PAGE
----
Sauteed Swiss Chard & Romesco Stuffing (RECIPE)
August 25, 2010 § 3 Comments
It’s crazy hot in San Francisco — something we sadly only experience about one day a year here. The mercury hit 90 yesterday and 92 today during a month that typically ranges 50 to 75 degrees.
While the tomatoes have halted their dying during this short sunshine spell and the jalapa pepper is rejuvenating from the formerly rebellious state I told you about earlier this month…
…the blazing sun started wilting my mesclun and chard — and my husband and me. We live in a house without air conditioning. After nearly five years of being overheated and unable to sleep on the one day it’s actually hot at night, we are finally now the proud owners of a fan (which we’ll get to use for one day before the temperature drops right back down to 55 tomorrow night).
While we’ve perked up, I knew that the mesclun and chard might not be long for this world if I didn’t harvest some soon. And the apples on our tree had developed deep red cheeks and streaks while we were gone, announcing that they were ready to be harvested. I picked 20 of them today so that they didn’t fall victim to squirrels, insects or gravity (more on the victory of the apple tree in a post later this week — stay tuned).
Also, after two weeks of gorging ourselves on vacation — gobbling up everything from fried zucchini blossoms (courtesy of our friend who works in finance but really should open his own restaurant, he’s that amazing at cooking) to platefuls of Mexican food to giant racks of ribs slathered in lilikoi-barbecue sauce in Hawai’i — I figured it was time to get back on the horse of healthy eating.
So, tonight we had a relatively light yet flavorful supper, with many ingredients coming from our backyard:
Tuesday Night Menu
Mesclun, Gravenstein apples and arugula blossoms (all from our backyard!) topped with toasted walnuts in a syrah & shallot vinaigrette
with romesco stuffing & sauteed Swiss chard
Although we’ve been eating the mesclun from our backyard for a few months now, I still can’t get over how much better it tastes when you snip it moments before you wash, dress and eat it. This was our first chard harvest, and the leaves were succulent and sweet — they didn’t even require seasoning. Below is a “recipe” for the simple preparation I used for the chard, plus the romanesco recipe (or, “delicious concoction”, as my husband called it).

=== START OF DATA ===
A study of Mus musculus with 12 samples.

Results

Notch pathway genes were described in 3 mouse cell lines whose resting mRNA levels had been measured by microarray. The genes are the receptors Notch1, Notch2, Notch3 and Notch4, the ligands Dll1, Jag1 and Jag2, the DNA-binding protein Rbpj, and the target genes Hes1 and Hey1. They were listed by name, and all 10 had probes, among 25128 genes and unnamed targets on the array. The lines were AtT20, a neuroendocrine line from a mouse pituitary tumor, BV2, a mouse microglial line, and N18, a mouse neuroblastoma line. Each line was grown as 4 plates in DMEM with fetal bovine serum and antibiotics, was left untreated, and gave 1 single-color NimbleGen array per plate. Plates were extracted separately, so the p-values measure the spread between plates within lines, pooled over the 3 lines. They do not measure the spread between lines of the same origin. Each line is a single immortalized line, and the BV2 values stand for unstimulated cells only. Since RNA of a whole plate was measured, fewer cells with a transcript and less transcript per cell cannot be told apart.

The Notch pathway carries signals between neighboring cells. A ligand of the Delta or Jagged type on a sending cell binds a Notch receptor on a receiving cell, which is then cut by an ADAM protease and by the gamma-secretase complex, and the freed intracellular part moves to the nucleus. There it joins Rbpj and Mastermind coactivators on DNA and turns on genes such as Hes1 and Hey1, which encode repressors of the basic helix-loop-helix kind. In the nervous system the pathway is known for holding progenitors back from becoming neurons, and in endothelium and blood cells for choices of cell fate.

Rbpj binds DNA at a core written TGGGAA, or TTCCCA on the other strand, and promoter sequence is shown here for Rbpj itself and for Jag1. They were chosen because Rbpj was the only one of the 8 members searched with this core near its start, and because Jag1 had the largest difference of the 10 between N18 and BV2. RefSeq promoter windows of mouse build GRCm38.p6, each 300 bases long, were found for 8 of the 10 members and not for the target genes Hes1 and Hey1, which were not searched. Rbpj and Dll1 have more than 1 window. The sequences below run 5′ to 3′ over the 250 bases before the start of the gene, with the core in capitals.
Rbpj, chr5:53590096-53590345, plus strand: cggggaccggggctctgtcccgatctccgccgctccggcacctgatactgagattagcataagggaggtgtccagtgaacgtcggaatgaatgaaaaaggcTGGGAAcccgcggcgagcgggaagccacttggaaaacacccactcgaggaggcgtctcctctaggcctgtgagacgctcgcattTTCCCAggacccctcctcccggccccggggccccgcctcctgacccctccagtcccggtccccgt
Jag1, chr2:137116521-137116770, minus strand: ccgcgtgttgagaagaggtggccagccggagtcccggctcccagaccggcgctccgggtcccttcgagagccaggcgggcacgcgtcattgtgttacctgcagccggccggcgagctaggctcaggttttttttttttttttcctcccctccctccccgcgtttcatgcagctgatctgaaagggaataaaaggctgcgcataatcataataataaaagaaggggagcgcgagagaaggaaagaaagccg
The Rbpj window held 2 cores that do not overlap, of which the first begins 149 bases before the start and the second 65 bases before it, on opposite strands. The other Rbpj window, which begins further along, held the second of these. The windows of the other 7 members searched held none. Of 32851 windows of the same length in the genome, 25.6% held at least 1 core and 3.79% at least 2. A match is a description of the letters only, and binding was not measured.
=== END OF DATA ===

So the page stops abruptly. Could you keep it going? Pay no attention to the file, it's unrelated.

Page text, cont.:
Sauteed Swiss Chard
One bunch Swiss chard (about 10 big leaves)
1 clove garlic, minced
1 shallot, minced
Wash the chard. Cut off the thick stems and chop them into 1/2-inch pieces. Arrange the leaves in a pile and cut them into strips about 2 inches wide.
Heat olive oil in a pan over medium heat. Cook the garlic and shallot until it softens and starts to caramelize slightly. Add chard stems and saute for a minute or two. Cover the pan with a lid to allow the stems to steam, 2-3 minutes.
When the stems are barely fork-tender, add the leaves; saute to coat with the oil and mix with the stems, garlic and shallot. Cover with the lid again and steam until tender, another 2-3 minutes. Stir periodically to avoid burning the leaves.
Season with salt and pepper, and/or a few drops of sherry or red wine vinegar, if you like. But taste it first and see if it needs any of it!
for two smaller servings (remember, we’re back on the wagon!)
1 red bell pepper
1/2 thick slice country-style bread
1 clove garlic, minced
1/2 medium tomato or 1 small tomato, chopped
1 tablespoon slivered almonds
1/4 tablespoon flat-leaf parsley, minced
Juice from 1/8 lime 0r lemon
Salt and pepper
Light a grill to medium-high heat. Grill pepper about 10 minutes, turning every 3-4 minutes to char all sides evenly. Place in a bowl, cover with plastic wrap and let cool.
In the meantime, heat olive oil in a pan over medium-high heat. Place the bread in the pan; fry one side then the other for a total of 4 minutes. Set aside. When cool, chop into 1/2-inch cubes.
Put the same pan back on the heat; add a bit more olive oil if necessary. Add garlic, tomatoes and almonds and cook until all juices have evaporated, about 2-3 minutes.
Take the pepper out of the bowl. Slip off the skins, pull off the top and remove the seeds. Chop into 1/2-inch pieces.
In a medium bowl, mix together peppers, garlic mixture, bread, parsley and citrus juice. Drizzle olive oil on the mixture and add a few drops of vinegar; taste and add more vinegar and/or olive oil to your taste. Season with salt and pepper.
What’s your favorite way to eat Swiss chard?